Saturday, 12 February 2011

Voting Rights for Prisoners

There are 57 Liberal Democrat MPs in parliament, but there were only 22 votes against maintaining the blanket ban preventing prisoners from voting, and at least one of them (Denis MacShane) was from another party. So where were at least 36 Liberal Democrat MPs when a Liberal voice was needed? We are the party of internationalism, of international law, and above all of human and civil rights, and yet when there is a clear need to stand up for our values and be counted over half our parliamentary party is not there.

The movement to defy the European Court of Human Rights and maintain the ban shows British politics at its worst: an odious mixture of narrow nationalism, populism and anti-Europeanism whipped up by the tabloids, with the Daily Mail as usual in the lead. By defying international law (a law which Britain was instrumental in making) and attempting to maintain the ban we ally ourselves with some of the least liberal and democratic states in Europe, including Russia, Estonia, Latvia, Slovakia and Georgia, and separate ourselves from the the mainstream which includes Greece, cradle of democracy, France, birthplace of the Enlightenment, and Italy, all of whom allow at least some prisoner to vote, and Germany, which actually and rightly encourages prisoners to vote as part of the rehabilitation process.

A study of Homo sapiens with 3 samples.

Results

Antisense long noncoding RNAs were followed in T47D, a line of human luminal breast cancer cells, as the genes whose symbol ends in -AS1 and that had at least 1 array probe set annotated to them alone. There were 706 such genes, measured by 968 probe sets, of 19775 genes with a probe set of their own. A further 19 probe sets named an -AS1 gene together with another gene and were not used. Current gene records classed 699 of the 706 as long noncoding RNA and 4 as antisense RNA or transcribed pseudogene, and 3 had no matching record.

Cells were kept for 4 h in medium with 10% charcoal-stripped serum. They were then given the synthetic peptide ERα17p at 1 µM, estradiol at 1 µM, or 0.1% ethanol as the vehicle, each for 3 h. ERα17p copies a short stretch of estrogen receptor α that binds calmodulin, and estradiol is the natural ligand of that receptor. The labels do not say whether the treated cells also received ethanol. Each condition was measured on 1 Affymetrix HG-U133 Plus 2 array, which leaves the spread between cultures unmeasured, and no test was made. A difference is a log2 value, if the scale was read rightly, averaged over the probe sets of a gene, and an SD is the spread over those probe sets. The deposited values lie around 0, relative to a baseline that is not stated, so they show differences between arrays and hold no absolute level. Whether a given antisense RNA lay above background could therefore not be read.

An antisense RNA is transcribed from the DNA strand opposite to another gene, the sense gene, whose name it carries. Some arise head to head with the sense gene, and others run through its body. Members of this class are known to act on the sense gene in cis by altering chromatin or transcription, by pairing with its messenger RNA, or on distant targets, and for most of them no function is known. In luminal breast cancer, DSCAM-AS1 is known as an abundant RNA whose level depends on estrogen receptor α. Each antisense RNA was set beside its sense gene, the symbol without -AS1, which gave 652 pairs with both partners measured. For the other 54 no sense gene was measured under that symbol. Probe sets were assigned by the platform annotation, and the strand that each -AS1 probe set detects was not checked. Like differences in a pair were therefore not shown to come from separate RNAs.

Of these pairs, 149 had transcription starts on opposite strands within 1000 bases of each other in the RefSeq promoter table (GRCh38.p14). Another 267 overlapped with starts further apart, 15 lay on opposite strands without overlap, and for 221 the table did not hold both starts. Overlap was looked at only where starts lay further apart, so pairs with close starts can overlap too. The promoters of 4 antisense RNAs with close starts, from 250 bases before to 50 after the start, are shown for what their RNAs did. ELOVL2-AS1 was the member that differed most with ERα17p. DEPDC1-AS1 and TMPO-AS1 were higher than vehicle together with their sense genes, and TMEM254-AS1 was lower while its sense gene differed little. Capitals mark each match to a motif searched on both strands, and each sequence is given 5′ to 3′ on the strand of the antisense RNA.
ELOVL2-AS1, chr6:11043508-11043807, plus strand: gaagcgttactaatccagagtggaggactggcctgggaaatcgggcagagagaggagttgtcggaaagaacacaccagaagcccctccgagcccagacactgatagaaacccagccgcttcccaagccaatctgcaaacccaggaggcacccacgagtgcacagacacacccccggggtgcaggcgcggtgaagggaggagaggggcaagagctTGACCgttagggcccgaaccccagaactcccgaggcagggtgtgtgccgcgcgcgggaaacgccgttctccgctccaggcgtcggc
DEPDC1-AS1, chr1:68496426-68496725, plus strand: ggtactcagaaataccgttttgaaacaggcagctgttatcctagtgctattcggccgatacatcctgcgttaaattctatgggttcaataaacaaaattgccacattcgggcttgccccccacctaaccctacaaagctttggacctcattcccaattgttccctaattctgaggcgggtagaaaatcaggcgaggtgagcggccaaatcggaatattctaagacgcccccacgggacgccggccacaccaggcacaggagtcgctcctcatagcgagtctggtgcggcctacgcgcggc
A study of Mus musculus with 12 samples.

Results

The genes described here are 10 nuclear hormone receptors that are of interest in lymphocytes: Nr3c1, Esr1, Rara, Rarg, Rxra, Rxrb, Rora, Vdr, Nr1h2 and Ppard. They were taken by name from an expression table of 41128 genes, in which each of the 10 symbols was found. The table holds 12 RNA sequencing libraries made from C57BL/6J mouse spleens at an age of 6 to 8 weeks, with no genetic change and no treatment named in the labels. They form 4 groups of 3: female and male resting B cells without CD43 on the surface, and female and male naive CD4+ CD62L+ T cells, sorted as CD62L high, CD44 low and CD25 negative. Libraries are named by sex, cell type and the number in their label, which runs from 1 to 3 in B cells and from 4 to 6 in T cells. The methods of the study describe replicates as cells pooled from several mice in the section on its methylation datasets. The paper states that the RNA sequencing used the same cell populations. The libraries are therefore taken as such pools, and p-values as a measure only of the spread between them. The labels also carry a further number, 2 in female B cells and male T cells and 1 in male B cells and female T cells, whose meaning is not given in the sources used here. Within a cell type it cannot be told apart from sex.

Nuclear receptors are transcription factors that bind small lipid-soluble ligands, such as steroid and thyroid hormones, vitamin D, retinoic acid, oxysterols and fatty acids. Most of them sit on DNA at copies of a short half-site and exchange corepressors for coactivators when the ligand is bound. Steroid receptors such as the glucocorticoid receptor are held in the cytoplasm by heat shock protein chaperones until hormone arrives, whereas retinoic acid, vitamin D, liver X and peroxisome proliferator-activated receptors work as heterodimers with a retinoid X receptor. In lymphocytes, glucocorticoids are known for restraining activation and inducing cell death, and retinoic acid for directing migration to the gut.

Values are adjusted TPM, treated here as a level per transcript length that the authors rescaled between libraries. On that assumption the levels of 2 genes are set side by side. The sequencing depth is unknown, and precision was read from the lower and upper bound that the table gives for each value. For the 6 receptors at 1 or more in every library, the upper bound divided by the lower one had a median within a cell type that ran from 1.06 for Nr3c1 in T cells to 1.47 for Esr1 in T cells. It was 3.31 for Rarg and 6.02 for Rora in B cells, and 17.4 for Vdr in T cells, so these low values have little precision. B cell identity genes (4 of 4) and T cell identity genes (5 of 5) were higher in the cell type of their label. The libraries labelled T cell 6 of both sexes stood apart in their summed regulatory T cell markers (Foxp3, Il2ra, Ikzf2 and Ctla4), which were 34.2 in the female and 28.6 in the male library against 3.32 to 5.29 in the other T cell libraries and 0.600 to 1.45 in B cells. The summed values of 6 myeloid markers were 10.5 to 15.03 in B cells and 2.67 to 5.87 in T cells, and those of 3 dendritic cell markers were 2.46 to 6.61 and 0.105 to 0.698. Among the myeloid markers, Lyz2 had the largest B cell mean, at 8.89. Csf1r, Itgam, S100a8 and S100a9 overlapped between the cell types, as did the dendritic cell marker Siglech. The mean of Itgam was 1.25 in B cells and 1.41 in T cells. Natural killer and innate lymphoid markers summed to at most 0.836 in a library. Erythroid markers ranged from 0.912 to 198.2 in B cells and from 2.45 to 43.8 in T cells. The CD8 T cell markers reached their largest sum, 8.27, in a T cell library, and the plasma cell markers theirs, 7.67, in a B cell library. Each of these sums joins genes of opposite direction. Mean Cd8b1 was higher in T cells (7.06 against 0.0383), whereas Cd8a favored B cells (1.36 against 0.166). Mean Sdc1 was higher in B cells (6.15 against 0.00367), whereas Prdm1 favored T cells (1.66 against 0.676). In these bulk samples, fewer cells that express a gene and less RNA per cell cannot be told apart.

On issues such as this it is important for politicians to stand up against populism (as they do, for example , on capital punishment), do what is right and try to educate the public. In this area of human and civil rights Liberals should be in the lead, not hiding themselves away.


  1. I know that Lynn Featherstone said she was going to abstain because it was a purely negative bill - just "keep things the way they are". She said on her blog that if and when a positive "Let prisoners vote" bill is put forward she'll vote for that. I'm assuming that goes for most of the rest of the abstentions.

  2. Thanks, I didn't know that and I hope you're right.

  3. It's a somewhat equivocal response when there was bound to be significant media attention on this debate.

    Anyhow, only ten Liberal Democrat MPs voted on the side of angels: Alan Beith, Tom Brake, Lorely Burt, Don Foster, Duncan Hames, Simon Hughes, Julian Huppert, Tessa Munt, Alan Reid, and Stephen Williams.

  4. Thanks for that, Michael. I'm pleased to see both Alan Beith and Simon Hughes on the list of "angels." I supported them both in their bids for the party leadership and am pleased to see my judgment confirmed.

  5. I am also pleased to see Lorely Burt, upon whose re-election I and my girlfriend (who was her agent) worked very hard; and Julian Huppert, as I now work for the Lib Dems in Cambridge.